The City of Bellingham faces significant revenue shortfalls for 2020 as the result of actions taken to reduce the spread of COVID-19, according to an updated financial forecast presented to the Bellingham City Council on Monday, May 18, 2020.
The City’s General Fund, which pays for general government services, relies heavily on the economic activity that has been curtailed to reduce the spread of COVID-19, Forrest Longman, Finance Department deputy director, said during his presentation to the City Council.
He said retail, hotels, restaurants and construction – sectors that have been heavily impacted by Governor Jay Inslee’s “Stay Home, Stay Healthy” orders – account for more than 75% of the City’s sales tax revenue.
The Finance Department’s current forecast projects a $7.6 million – about 9% – shortfall in the General Fund.
Actions taken to date to address revenue reductions in the General Fund include:
- The City Council approved a budget amendment on May 18 removing more than $2 million of budget authority in the General Fund. This is budget authority that was not used in the first year of the biennial budget. This step impacts nearly every department but should not impede the City’s overall ability to deliver services, Longman said.
- Bellingham Mayor Seth Fleetwood has instituted a hiring freeze on most vacant positions except those deemed essential at this time. This will freeze 25 currently unfilled positions. In combination with savings the City typically experiences from unfilled positions and staff turnover, we anticipate this will save an additional $3 million, Longman said.
The Finance Department also projects a $2.4 million combined sales tax revenue shortfall in the Street and Transportation Benefit District Funds. Longman said the loss of these revenues should not impact current services but will limit the City’s ability to engage in future street and other transportation-related capital projects.
He said significant shortfalls also are expected in the City’s Hotel-Motel Tax, which supports tourism activities, and Parking Services Fund which makes sure parking is available to businesses and customers in our downtown core. In both those areas, we expect about half the revenue that was anticipated.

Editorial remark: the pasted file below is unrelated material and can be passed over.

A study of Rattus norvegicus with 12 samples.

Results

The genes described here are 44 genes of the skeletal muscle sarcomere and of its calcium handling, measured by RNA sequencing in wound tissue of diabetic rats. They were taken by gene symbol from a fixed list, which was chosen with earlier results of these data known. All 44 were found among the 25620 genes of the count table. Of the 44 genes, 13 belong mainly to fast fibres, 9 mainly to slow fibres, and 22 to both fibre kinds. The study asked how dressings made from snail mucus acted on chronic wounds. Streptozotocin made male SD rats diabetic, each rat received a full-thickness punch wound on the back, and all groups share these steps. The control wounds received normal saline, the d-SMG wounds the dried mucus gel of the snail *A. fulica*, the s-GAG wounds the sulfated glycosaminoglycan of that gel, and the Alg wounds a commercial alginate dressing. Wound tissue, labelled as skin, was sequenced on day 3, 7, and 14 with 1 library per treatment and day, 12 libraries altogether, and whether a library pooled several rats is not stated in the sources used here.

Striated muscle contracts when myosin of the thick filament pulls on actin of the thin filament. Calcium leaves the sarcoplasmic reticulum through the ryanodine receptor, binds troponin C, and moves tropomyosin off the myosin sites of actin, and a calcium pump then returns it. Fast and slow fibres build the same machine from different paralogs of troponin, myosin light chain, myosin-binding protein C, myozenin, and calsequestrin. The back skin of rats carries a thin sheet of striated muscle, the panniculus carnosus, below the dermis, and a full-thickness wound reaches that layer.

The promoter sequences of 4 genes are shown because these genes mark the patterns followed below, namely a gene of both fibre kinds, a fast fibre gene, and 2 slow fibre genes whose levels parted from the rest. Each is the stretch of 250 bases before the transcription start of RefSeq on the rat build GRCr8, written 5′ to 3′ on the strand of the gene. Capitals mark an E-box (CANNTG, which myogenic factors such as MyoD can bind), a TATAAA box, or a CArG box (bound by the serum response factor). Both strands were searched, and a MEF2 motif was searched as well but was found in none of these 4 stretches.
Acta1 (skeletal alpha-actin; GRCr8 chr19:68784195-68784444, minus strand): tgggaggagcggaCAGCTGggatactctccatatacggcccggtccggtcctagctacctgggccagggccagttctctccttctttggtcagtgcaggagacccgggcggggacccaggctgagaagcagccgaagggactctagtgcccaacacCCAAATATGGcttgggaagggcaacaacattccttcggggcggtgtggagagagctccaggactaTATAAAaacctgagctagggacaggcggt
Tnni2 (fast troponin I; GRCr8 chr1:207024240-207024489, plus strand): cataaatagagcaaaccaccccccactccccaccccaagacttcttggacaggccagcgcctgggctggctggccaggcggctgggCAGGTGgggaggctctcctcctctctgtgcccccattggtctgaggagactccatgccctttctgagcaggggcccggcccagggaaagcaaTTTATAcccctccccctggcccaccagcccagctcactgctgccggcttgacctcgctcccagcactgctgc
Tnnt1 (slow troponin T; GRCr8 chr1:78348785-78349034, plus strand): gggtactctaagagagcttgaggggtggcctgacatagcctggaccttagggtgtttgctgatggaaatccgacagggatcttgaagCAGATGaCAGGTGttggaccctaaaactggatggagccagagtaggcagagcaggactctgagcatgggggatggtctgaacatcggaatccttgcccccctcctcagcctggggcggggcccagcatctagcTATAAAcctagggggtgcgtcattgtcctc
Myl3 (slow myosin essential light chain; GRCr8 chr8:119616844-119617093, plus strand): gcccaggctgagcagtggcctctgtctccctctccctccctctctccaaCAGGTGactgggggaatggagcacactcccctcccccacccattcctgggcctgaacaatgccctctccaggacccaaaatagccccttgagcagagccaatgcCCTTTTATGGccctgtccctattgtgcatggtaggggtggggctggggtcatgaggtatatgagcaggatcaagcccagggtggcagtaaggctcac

Longman said the duration of the orders restricting business activities and other measures to prevent the spread of COVID-19 will directly impact the City’s short-term and long-term financial picture.
“The Finance Department will continue to revise revenue projections as our response to this crisis progresses,” Finance Director Andy Asbjornsen said. “We will respond as needed to ensure the City can continue to provide needed services while maintaining financial stability.”
Bellingham Mayor Seth Fleetwood said City leaders are preparing now to reduce spending and plan for further revenue reductions.
“Given the severity of COVID-19-related impacts on revenues, we are preparing now to reduce spending and plan for shortfalls expected for the upcoming biennium,” Fleetwood said. “Thankfully, careful financial stewardship in recent years has left us with strong financial reserves that will soften the impact of these shortfalls. Nonetheless, we are taking immediate actions to address revenue reductions and looking for ways to further reduce spending while maintaining City services.”
“We can help our economy recover and our City revenue picture improve by helping our community get back on its financial feet,” Fleetwood added. “Our priorities are helping reduce the spread of COVID-19, providing essential City services, and preparing for economic recovery. Our focus includes actions to aid businesses, get people back to work, and support human services, all steps that will contribute to a stronger economy and healthier City financial picture in the future.”